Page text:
Every industry has its own set of jargon and acronyms, and marketing is certainly no exception. When it comes to content marketing, KISS doesn’t mean locking lips with your other half, and AIDA has nothing to do with a love of the opera.
I personally love acronyms, which as you can imagine drives my friends and colleagues a little crazy – I’m working on it. For today, I thought I’d shed some light on five of my favorites:
1. KISS: Keep It Sweet and Simple
You may be familiar with “Keep It Simple, Stupid,” but I’ll use a more polite version. KISS should be applied to every aspect of your content and here are a few ways you can do just that:
- Use images – they speak a thousand words and work especially well on social. When ascribing text to an image, make it compelling and brief.
- Keep emails short – concise and simple are best practice if you want results.
- Make content scannable – unless you’re at a deeper level of the site with more engaged users, detailed technical specifications are not your friend. People on average only read 28% of the words on a page, so keeping things simple is critical. That does not mean you have to have short copy. Rather, it means you need to make your key points clear as a bell.
When you think content, especially in the early stages of your consumer decision making journey (CJD), aim for a minimum viable experience to attract and engage.
If we think about marketing resources and keeping things simple from a scalability and operational point of view, social provides a great example. Do you really need to have a presence on every single social network? Probably not. It’s far better to have a strong presence and engaged followers on a couple of social platforms where you know your users are engaged, than to spread yourself too thin and neglect your accounts.
2. FAB: Features, Advantages, Benefits (or RTB: Reasons To Believe)
Customers don’t necessarily care what your business does – they care about what it can do for them.
Information about your brand’s products or services isn’t useful unless you can connect it to your customers’ needs. This might seem obvious, but you’d be surprised how many marketers fail to relate their products to the specific pain points of their customers. That’s where FAB statements can help. These statements have three components that let customers know why they should buy your product or service:
- Features: Identify differentiating product-specific details.
- Advantages:Clearly describe what sets you above and apart from the competition with respect to solving for your customer’s need.
- Benefits: Identify the additional benefits that come from choosing your product.
Another great way to convey the same powerful message is to switch up your FAB statements: Name a benefit first, then explain how this benefit is brought about by your product or service’s features.
Steve Jobs captured the essence of FAB and RTB in a nutshell:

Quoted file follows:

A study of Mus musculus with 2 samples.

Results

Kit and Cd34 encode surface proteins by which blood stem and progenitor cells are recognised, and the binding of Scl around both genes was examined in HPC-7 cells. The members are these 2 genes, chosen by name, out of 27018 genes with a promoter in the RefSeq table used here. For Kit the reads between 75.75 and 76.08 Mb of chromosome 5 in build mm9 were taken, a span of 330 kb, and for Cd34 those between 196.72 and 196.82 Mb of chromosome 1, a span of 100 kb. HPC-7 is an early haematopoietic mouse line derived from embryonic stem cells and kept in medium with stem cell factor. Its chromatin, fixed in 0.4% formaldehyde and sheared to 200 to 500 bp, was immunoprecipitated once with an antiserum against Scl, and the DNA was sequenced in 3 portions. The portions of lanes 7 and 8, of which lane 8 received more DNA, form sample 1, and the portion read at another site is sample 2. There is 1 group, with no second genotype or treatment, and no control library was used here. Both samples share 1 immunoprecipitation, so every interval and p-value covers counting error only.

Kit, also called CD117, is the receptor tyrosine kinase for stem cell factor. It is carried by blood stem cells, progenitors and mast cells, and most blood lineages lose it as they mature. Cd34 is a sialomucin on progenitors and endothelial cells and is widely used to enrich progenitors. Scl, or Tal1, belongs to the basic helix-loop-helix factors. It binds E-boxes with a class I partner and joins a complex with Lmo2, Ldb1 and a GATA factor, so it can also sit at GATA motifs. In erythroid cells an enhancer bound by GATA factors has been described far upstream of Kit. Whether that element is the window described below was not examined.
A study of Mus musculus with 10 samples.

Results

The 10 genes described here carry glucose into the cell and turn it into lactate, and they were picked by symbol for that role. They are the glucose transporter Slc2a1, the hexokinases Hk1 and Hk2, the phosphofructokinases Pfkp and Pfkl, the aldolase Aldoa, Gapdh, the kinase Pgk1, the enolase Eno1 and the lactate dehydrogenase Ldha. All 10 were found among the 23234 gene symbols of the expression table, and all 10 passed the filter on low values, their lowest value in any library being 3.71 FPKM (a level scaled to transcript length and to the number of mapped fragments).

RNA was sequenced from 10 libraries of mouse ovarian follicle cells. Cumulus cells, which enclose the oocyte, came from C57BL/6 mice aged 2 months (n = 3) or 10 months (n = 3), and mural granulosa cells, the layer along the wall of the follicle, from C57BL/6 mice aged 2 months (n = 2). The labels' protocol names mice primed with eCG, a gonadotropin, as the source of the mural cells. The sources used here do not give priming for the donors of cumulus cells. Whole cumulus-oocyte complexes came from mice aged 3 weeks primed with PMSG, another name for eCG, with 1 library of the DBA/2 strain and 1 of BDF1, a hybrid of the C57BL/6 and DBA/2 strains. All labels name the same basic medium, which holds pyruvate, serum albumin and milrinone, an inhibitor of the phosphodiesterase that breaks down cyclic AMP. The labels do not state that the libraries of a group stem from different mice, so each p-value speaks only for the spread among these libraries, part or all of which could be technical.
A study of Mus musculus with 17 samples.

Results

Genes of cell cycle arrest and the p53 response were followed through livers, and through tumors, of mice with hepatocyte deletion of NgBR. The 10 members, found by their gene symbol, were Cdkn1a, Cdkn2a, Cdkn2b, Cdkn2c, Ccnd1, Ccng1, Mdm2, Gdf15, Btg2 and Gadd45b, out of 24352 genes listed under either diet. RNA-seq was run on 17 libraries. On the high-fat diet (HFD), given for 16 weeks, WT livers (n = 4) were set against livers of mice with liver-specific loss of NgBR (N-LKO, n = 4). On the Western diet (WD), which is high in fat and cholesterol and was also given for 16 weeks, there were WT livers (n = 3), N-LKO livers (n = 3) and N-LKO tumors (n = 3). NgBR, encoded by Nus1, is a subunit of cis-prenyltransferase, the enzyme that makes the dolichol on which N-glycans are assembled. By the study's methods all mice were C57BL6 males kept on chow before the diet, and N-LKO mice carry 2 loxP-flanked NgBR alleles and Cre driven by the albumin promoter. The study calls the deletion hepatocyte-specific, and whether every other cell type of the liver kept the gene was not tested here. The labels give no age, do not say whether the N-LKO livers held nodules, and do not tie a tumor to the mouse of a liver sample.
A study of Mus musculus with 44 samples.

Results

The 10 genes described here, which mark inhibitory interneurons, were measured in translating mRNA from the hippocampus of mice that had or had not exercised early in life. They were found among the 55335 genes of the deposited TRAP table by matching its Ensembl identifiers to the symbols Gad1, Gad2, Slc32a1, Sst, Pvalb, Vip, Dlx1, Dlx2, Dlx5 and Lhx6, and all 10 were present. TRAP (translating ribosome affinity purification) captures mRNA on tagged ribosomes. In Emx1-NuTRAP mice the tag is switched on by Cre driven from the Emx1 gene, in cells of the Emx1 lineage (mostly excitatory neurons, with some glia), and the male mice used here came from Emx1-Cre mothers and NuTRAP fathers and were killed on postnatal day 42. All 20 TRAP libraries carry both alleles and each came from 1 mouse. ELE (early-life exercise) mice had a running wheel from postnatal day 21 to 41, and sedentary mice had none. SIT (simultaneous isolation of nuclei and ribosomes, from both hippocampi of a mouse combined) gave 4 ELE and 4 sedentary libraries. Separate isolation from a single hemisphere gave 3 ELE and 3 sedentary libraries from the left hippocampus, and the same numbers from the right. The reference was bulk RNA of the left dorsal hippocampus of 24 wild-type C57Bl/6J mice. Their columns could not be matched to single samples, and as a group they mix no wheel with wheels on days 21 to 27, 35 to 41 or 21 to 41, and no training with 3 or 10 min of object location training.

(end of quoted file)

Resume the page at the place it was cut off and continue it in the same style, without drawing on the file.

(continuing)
“Your customers don’t care about you. They don’t care about your product or service. They care about themselves, their dreams, their goals. Now, they will care much more if you help them reach their goals, and to do that, you must understand their goals, as well as their needs and deepest desires.”
3. AIDA: Attention, Interest, Desire, Action
If you’ve ever bought something after seeing a commercial or advertisement, you were probably influenced by the AIDA technique. This four-step process is a start-to-finish formula for creating powerful content – it hooks the reader right from the start and keeps them interested until they take action. Here’s the breakdown:
- Attention: Grabs readers’ attention, makes them want to learn more.Interest:Build interest by clearly explaining your understanding of their painpoints.
- Desire:Create an emotional connection with your audience and move them from liking your product to wanting your product.
- Action:Motivate the customer to take action with your call to action.
This is less about your content and more about your prospective customers. BANT stands for set of criteria used to qualify leads. When assessing a prospect, you need to keep the following questions in mind:
- Budget:Can they afford us?
- Authority:Are they the decision-maker?
- Need: How deep is their need for our product or service?
- Timeline:Where are they in their decision making journey?
5. SMART: Specific, Measurable, Achievable, Relevant, Time-bound
Our final acronym comes in handy when you’re setting goals or refining your content marketing strategy. Ask yourself the following questions to decide whether a goal is SMART:
- Specific:Are the desired outcomes clear, and are they tied to specific strategies and tactics?
- Measurable: Are outcomes measurable?
- Achievable: Is this a reasonable goal given any applicable constraints?
- Relevant: Does this content marketing goal align with bigger business objectives?
- Time-bound: What’s the endpoint for this goal?
This list only scratches the surface – if I attempted to list them all, this article would be venturing into TL;DR territory. 😉
What are your favorite marketing acronyms? Add them to the comments below!